Peonies are popular perennials because of their magnificent flowers in spring and early summer and their leaves that remain attractive throughout the season. These instructions apply to herbaceous peonies (USDA Zones 3–8), which die completely to the ground in winter. Tree peonies, shrublike plants with woody stems that remain visible all year (Zones 4–9), have slightly different requirements.
It’s best to plant herbaceous peonies in fall, when they are dormant. Spring-planted peonies may fail to flower for several years, and may even die if they put out new shoots before their roots become established. Mail-order and local nurseries offer bare-root divisions in the fall. A bare-root peony division is a section of rooted crown with several dark red growth buds called eyes. Each bud gives rise to a stem in the spring. The more eyes a division has, the fuller it will appear, so look for a division with at least 3 to 5 eyes.
To plant a bare-root herbaceous peony in the fall:
1. Choose a site with well-drained soil away from the competing roots of trees and shrubs. Give each plant an area about three feet in diameter. Avoid windy areas or provide a windbreak, since peony stems are vulnerable to breakage when heavy with buds and flowers. In most regions a site in full sun is best. If your spring tends to be hot and dry, choose a site with afternoon shade.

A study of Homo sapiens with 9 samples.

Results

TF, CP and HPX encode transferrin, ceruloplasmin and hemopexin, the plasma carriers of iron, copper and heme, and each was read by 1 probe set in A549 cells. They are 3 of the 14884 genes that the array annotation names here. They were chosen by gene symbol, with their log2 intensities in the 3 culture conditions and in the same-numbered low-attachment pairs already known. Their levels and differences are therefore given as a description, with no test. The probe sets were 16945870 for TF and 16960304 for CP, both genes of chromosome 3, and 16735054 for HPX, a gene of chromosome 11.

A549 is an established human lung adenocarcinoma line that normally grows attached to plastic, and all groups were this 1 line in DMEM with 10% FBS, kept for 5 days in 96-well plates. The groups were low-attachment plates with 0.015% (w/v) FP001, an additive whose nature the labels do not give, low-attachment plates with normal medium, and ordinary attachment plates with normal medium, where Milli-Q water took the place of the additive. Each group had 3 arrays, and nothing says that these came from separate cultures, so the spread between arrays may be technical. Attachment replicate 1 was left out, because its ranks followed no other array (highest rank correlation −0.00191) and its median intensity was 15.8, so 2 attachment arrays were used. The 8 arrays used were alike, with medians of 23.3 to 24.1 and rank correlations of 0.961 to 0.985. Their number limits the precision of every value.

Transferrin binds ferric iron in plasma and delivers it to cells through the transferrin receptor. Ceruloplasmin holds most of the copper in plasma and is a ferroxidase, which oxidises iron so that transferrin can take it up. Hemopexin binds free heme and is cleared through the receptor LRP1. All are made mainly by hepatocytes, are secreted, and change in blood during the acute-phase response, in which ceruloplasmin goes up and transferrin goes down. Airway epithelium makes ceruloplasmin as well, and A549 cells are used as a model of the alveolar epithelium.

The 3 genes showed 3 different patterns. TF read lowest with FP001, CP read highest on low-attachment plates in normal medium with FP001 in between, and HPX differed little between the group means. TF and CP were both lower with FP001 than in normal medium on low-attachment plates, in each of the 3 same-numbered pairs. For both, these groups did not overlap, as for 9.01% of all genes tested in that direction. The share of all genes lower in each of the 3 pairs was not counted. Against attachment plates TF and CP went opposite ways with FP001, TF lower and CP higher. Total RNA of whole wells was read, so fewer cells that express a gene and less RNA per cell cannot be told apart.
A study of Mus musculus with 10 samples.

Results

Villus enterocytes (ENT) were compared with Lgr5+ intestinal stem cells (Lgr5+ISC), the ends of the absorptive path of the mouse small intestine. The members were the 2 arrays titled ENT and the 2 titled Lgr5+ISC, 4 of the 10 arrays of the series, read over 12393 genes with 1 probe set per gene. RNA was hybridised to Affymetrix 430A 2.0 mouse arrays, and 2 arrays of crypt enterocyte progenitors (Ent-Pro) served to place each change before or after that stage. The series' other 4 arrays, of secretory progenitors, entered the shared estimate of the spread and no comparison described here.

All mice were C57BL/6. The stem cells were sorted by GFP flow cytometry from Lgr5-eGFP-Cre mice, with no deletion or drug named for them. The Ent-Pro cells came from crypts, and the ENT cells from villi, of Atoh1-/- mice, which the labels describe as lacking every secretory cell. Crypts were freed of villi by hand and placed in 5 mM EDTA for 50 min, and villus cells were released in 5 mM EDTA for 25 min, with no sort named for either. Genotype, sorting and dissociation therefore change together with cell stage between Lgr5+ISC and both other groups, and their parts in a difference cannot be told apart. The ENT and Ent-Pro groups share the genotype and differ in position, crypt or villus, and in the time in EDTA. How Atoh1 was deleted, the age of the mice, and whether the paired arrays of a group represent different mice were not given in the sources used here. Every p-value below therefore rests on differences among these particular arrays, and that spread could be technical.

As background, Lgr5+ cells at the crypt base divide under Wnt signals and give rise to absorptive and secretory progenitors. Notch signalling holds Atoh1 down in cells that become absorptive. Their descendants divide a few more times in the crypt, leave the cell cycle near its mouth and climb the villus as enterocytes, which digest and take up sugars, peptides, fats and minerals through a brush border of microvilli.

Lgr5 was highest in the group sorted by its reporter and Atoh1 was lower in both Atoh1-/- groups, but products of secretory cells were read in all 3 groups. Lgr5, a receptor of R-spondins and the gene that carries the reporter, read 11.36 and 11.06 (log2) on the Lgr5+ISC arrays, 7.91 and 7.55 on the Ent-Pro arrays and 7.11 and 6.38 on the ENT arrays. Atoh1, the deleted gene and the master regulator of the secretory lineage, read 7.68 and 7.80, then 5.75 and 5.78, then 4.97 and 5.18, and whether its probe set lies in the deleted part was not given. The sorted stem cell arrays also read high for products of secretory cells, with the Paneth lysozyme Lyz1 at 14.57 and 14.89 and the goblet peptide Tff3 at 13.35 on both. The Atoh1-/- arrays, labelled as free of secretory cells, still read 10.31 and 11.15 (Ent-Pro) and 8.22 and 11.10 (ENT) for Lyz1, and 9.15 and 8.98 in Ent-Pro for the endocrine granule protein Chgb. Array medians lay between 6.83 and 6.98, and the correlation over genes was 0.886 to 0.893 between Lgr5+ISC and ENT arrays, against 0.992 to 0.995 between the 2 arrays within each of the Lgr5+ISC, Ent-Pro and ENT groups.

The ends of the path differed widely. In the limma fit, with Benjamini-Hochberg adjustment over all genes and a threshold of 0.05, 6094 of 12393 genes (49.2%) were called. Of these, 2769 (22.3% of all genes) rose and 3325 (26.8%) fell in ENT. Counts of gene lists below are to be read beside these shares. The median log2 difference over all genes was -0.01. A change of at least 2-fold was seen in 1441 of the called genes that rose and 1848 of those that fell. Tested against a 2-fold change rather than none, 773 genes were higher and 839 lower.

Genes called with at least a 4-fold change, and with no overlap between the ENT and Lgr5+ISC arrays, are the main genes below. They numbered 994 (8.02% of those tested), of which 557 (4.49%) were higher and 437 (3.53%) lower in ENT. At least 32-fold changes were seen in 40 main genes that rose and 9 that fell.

2. Prepare the soil. Peonies bloom most prolifically if left to grow undisturbed in the same location for many years, so planting in well-prepared and enriched soil is important. Dig a planting hole about 2 feet across and 18 inches deep. Mix several shovels of compost or well-rotted manure into the bottom of the hole. Fill the hole halfway with topsoil mixed with more compost and a cup of bonemeal. If your soil is acidic, also mix in about a cup of ground limestone. Peonies like a pH of between 6 and 7.
3. Plant the peony. Setting the division too deep prevents flowering; the eyes should be covered by no more than 1.5 to 2 inches of soil. If you garden in a mild-winter climate, position the eyes so they will be only .5 to 1 inch below the soil surface, thus exposing the roots to as much winter cold as possible. Once you’ve positioned the peony in the hole, fill the soil carefully but firmly around the roots. Make sure there are no air spaces that could allow the plant to settle too deeply.
4. Water the plant in with a gentle stream from a hose. Then surround it with a light mulch, such as chopped leaves or evergreen branches, to help reduce competition from weeds and regulate soil temperature and moisture. Remove the mulch in winter so that the plant gets properly chilled. The peony may not bloom its first year, but by the third year it should reach top form.